Sunday, July 14, 2013

More About Work

Not everyone gets to work at a job they love. I wonder sometimes if the vast, overwhelming number of people actually actively hate their jobs.

I think the world would be a better place if everyone loved their job, but that's sort of like wishing that diseases didn't exist. It's a nice sentiment, but it's not gonna happen.

Disliking or actively hating a job can damage a lot of stuff. There's that sense of time being wasted or lost, and we all have limited time, whether we like to think about that or not. Because most of us need to eat and like to have a roof over our heads and electricity and telephones and stuff, we're forced to endure the unpleasantness of work. Even really good, fun jobs can be boring or stressful at times. Unless you're independently wealthy, you just gotta power through.

That stuff is not that big a deal, and it's certainly not a revelation. Everyone pretty well does that every day without needing someone to remind them.

What I have been thinking about lately is how hatred of a job, of some aspect of a job, can twist and scar morality and spirituality. You may consider yourself a kind person, but be rude to someone who doesn't deserve it because the person before irritated you. You may consider yourself honest, but lie (or stretch the truth) to get out of doing something. Maybe, over time, core values get so worn away that the kindness that was once all yours to claim divorces you and moves away and you become bitter. The job did it to you.

Or did you do it to yourself?

I think I'm going to pay special attention at work today, to see if I'm upholding my work ethic, and to make sure I'm being myself, the self I want to be. I don't hate my job, but I certainly don't love it (though most of my coworkers and customers are great.) Sometimes it's stressful or boring (or both ... it's a bit mind-bending but it does happen) and because I'm there for such a great proportion of my overall waking time, I know my work shapes me. I think it's a good idea to periodically check and make sure that any changes are changes I want to see in myself.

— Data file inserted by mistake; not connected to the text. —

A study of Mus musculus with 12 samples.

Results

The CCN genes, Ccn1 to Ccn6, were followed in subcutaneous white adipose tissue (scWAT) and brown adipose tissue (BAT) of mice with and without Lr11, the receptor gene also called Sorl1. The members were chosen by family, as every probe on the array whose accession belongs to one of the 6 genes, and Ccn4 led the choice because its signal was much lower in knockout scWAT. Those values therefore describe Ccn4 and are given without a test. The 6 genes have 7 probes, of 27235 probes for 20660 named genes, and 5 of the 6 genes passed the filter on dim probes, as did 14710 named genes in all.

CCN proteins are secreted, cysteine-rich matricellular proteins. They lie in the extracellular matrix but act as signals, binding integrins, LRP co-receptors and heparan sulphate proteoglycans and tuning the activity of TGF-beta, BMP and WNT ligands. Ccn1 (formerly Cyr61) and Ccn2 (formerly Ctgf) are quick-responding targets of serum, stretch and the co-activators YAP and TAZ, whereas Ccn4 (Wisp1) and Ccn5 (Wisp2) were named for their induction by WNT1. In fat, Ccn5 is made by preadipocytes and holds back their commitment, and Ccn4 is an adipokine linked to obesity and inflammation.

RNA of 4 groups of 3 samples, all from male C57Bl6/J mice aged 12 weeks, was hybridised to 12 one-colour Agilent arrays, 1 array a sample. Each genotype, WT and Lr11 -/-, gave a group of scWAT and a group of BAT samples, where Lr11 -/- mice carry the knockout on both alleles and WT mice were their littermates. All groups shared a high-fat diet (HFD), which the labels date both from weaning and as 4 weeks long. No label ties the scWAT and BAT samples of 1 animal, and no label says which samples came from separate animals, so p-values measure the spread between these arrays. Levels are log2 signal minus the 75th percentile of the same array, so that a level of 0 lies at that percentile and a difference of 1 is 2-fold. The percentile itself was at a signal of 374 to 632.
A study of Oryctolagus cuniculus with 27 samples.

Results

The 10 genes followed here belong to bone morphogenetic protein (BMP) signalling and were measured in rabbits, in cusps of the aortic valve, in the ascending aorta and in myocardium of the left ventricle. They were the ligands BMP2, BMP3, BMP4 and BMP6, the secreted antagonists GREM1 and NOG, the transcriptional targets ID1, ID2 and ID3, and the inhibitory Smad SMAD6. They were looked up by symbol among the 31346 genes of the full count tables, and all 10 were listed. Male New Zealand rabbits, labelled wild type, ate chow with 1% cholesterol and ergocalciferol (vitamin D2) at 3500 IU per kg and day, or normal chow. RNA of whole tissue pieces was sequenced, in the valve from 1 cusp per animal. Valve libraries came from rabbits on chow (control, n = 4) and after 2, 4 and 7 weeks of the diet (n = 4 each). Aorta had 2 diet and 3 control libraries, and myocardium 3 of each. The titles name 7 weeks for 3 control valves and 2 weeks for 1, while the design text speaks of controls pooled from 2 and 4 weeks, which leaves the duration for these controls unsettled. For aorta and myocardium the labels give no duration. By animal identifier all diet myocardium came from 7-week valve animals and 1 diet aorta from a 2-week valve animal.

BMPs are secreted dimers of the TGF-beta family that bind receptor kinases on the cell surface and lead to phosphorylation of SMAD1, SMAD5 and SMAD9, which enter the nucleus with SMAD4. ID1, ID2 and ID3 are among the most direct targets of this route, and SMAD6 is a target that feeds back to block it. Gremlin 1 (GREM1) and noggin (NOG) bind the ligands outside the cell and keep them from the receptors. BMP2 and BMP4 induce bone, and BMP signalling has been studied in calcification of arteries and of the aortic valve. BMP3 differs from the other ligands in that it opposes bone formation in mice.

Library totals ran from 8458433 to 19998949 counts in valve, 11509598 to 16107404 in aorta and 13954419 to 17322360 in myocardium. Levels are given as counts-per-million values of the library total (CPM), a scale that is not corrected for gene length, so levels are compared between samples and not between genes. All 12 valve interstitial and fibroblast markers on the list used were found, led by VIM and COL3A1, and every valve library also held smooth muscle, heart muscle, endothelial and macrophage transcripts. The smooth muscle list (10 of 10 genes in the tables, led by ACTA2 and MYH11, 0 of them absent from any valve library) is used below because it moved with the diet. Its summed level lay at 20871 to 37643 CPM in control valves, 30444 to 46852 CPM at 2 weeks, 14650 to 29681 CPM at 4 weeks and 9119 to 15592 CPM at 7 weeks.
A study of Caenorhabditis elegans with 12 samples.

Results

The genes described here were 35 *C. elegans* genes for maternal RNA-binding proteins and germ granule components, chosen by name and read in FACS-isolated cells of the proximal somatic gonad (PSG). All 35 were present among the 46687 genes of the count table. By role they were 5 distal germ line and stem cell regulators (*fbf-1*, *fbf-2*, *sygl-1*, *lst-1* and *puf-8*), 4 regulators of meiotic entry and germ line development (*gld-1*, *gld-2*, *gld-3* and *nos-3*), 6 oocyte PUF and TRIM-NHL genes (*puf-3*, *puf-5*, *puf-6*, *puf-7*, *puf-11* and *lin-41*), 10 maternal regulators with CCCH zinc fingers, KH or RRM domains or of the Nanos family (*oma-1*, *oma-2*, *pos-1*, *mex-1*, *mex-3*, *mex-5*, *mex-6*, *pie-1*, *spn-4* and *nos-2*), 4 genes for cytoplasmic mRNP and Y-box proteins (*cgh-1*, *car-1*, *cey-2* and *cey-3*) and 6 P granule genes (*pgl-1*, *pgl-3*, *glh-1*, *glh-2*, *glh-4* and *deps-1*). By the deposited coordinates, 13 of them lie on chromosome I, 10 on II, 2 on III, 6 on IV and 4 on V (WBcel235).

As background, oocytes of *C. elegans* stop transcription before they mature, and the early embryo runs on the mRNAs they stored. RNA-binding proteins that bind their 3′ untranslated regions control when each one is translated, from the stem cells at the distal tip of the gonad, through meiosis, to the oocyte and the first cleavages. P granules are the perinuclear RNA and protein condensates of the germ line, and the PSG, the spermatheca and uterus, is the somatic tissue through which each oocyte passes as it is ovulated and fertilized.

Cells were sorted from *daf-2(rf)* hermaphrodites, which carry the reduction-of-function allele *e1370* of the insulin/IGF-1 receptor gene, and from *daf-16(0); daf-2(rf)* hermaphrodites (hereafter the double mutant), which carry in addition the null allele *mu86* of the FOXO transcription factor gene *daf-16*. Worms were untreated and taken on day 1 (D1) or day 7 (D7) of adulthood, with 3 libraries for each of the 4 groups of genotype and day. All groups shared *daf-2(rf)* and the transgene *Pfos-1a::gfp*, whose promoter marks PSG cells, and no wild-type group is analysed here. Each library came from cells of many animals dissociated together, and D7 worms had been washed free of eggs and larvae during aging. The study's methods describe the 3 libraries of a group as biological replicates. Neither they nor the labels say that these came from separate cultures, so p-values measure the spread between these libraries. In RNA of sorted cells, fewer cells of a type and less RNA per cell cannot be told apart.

And if I really want to be proactive, maybe I should think about ways I can change my work, or my attitude toward my work, to make sure I behave the way I want to be. In the end, I can't really blame my work for turning me into something I don't like. I'm the one living my life. My work isn't living my life for me. It can't. It's inanimate, unless I animate it. I have the power to work in a way that reflects my ethics, morality, spirituality, and creativity.  I may not choose when to work or what my work is, but I choose how to work, and how I work is what builds my character and shapes my soul. I choose.

I choose.


Anonymous said...

good post.
In the way that life experiences contribute to building a person, I think work - and attitude towards it - is capable of changing someone from the inside out.
I'm no stranger to bitterness. It does fade with the attainment of better ways of living. In the meantime, how much less effective a person can be while spending energy on helpless anger?


Kami said...

Spending energy on helpless anger–Yes, this.

A friend likes to say that thinking about someone (or something) that you hate all the time is like giving them rent-free space in your brain. Why would you want to do that?

But everyone does. Hopefully awareness combined with a strong desire to work to be the person we want to be inside and out can offset the pent-up anger people have for being forced to work at jobs that aggravate and demean them.